In 1964, el-Hajj Malik el-Shabazz, otherwise known as Malcolm X, delivered a speech titled, “The Ballot or the Bullet.” He argued that the federal government’s failure to honor the inherent rights of Black people, by virtue of their humanity, has the potential for facilitating an explosion of what he called a dangerous racial powder keg, with all peoples caught in the crosshairs.
el-Shabazz said that the ballot or the bullet was a choice between, “liberty and death [a la Patrick Henry], freedom for everybody or freedom for nobody.” He continued:
“Today, our people can see that we’re faced with a government conspiracy. This government has failed us. The senators who are filibustering concerning your and my rights, that’s the government… Any kind of act that’s designed to delay or deprive you and me, right now, of getting full rights, that’s the government that’s responsible. And anytime you find the government involved in a conspiracy to violate the citizenship or the civil rights of a people in 1964, then you are wasting your time going to that government expecting redress.”
Nearly 60 years after his speech, Black people have had their voting rights upended with the Shelby v. Holder ruling, leading to the passage of voter suppression laws in various states. There is potential for more this year. Voting Rights legislation failed in the Senate. It’s because of Senators Joe Manchin (D-WV) and Kyrsten Sinema (D-AZ) refusal to vote down the filibuster. Conservative politicians around the country have outlawed the accurate teaching of U.S. History to preserve white ignorance as a means of sustaining white hegemony As the country gets browner.
el-Shabazz was certainly prophetic, if not an outright oracle.
Those truths intersect with a society with high gas prices, anti-protest legislation and the lack of baby formula. There’s also inflation, the likely overturning of Roe v. Wade and employers, like Tesla, demanding that workers return to offices, amidst a pandemic — even after making more money while workers were either working at home or on a hybrid schedule. Also, the lack of political will to pass legislation to restrict the sale of military-grade weapons like the AR-15. The AR-15 was the weapon of choice for the shooters in Buffalo and Uvalde.
It seems like that powder keg el-Shabazz was talking about is only getting bigger. Where does that leave the country?
It leaves the U.S. in a reality where folks whose backs are against the wall may have no other alternative than to live by the bullet because of legislation telling Black people and other people of color that the ballot isn’t for them, despite the 15th amendment.
At the NRA Convention last week, Senator Ted Cruz (R-TX) said, “The only way to stop a bad guy with a gun is a good guy with a gun.” Well, if the federal government refuses to pass gun legislation to stop the “bad guys” from getting assault rifles, and the supposed “good guys” may choose not to stop the “bad guys” as they chose not to in Uvalde, what else is there to do but get a gun, organize with other parents and form a unit to protect the children at school in shifts?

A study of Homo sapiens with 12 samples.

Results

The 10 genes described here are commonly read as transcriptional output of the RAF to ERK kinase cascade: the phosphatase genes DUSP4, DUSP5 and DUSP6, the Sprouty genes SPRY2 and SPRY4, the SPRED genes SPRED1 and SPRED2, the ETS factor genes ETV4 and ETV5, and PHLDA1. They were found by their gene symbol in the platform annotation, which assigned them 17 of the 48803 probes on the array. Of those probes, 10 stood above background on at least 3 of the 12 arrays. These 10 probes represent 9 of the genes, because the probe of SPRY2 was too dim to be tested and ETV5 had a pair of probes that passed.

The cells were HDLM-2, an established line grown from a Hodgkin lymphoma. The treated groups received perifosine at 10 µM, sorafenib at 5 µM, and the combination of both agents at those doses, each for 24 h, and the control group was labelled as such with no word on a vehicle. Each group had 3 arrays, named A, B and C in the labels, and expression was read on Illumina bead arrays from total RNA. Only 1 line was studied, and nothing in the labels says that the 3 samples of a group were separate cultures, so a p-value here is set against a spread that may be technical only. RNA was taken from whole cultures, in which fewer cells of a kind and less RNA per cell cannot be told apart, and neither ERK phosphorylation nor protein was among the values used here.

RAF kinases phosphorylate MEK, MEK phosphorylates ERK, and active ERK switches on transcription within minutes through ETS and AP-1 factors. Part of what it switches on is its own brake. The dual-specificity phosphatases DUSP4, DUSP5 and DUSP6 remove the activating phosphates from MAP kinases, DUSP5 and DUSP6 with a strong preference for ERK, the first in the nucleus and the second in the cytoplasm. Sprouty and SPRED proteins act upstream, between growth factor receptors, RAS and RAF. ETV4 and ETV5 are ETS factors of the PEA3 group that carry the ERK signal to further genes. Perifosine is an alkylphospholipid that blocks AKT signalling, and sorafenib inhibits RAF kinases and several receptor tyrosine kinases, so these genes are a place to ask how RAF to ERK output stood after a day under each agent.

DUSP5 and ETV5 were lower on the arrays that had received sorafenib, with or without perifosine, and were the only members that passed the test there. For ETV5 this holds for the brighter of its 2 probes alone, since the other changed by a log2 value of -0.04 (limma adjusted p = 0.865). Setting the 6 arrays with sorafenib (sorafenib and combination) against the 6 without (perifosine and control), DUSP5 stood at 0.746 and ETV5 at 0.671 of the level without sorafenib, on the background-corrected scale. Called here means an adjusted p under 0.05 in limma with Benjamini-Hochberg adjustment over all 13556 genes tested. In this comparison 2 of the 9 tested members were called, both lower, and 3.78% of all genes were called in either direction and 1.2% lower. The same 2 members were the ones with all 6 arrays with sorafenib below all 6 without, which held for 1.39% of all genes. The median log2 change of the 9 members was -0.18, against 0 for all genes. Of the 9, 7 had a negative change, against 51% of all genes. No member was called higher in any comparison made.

What alternative is there to the bullet to protect yourself in a stand your ground state, or any state with abortion bans or little to no gun laws?
What other alternative is there traditionally oppressed and marginalized people have — elderly Black people or Mexican school children — other than gun ownership when the government essentially says, it’s every man, woman and child for themselves? It’s no wonder that Black gun ownership has increased; the same is true for other people of color.
To be clear, I am not calling for mass violence as a solution to injustice, nor are Black people or any people of color. Neither did el-Shabazz call for mass violence, yet he gave the United States a warning:
“America is the only country in history in a position to bring about a revolution without violence and bloodshed… the only way without bloodshed that this can be brought about is that Black [people] has to be given full use of the ballot in every one of the fifty states. But if [not], then you are going to be faced with another man who forgets the ballot and starts using the bullet.”
Targeted groups may use the bullet to protect their children where the police refuse to. These groups could use the bullet to protect their most vulnerable from crazed white supremacists. They could use the bullet when accosted by one seeking to make a citizen arrest for making a personal choice.
Targeted groups might use the bullet because the immorality of policymakers leaves them feeling that they have no other choice.
In a choice between the ballot or the bullet, choosing the ballot should be a no-brainer. The lack of political will to do the right thing will push this country even further into chaos. It’ll look more like the wild west and less like the Greek polis.
Civility and decorum won’t save us. Pandering to white fears and guilt certainly won’t save us — it’s what got us here. What will save us is when freedom is for all and not only for some. And yet, somehow preventing people from voting is a greater priority than preventing mass shootings.
The age of the bullet over the ballot is well on its way. Unless somehow the United States embraces what el-Shabazz called the “bloodless revolution” — or else there will be more blood.
Rann Miller is the director of anti-bias and DEI initiatives as well as a high school social studies teacher for a school district located in Southern New Jersey. He’s also a freelance writer and founder of the Urban Education Mixtape, supporting urban educators and parents of students in urban schools. He is the author of the upcoming book, Resistance Stories from Black History for Kids, with an anticipated release date of February 2023. You can follow him on Twitter @UrbanEdDJ.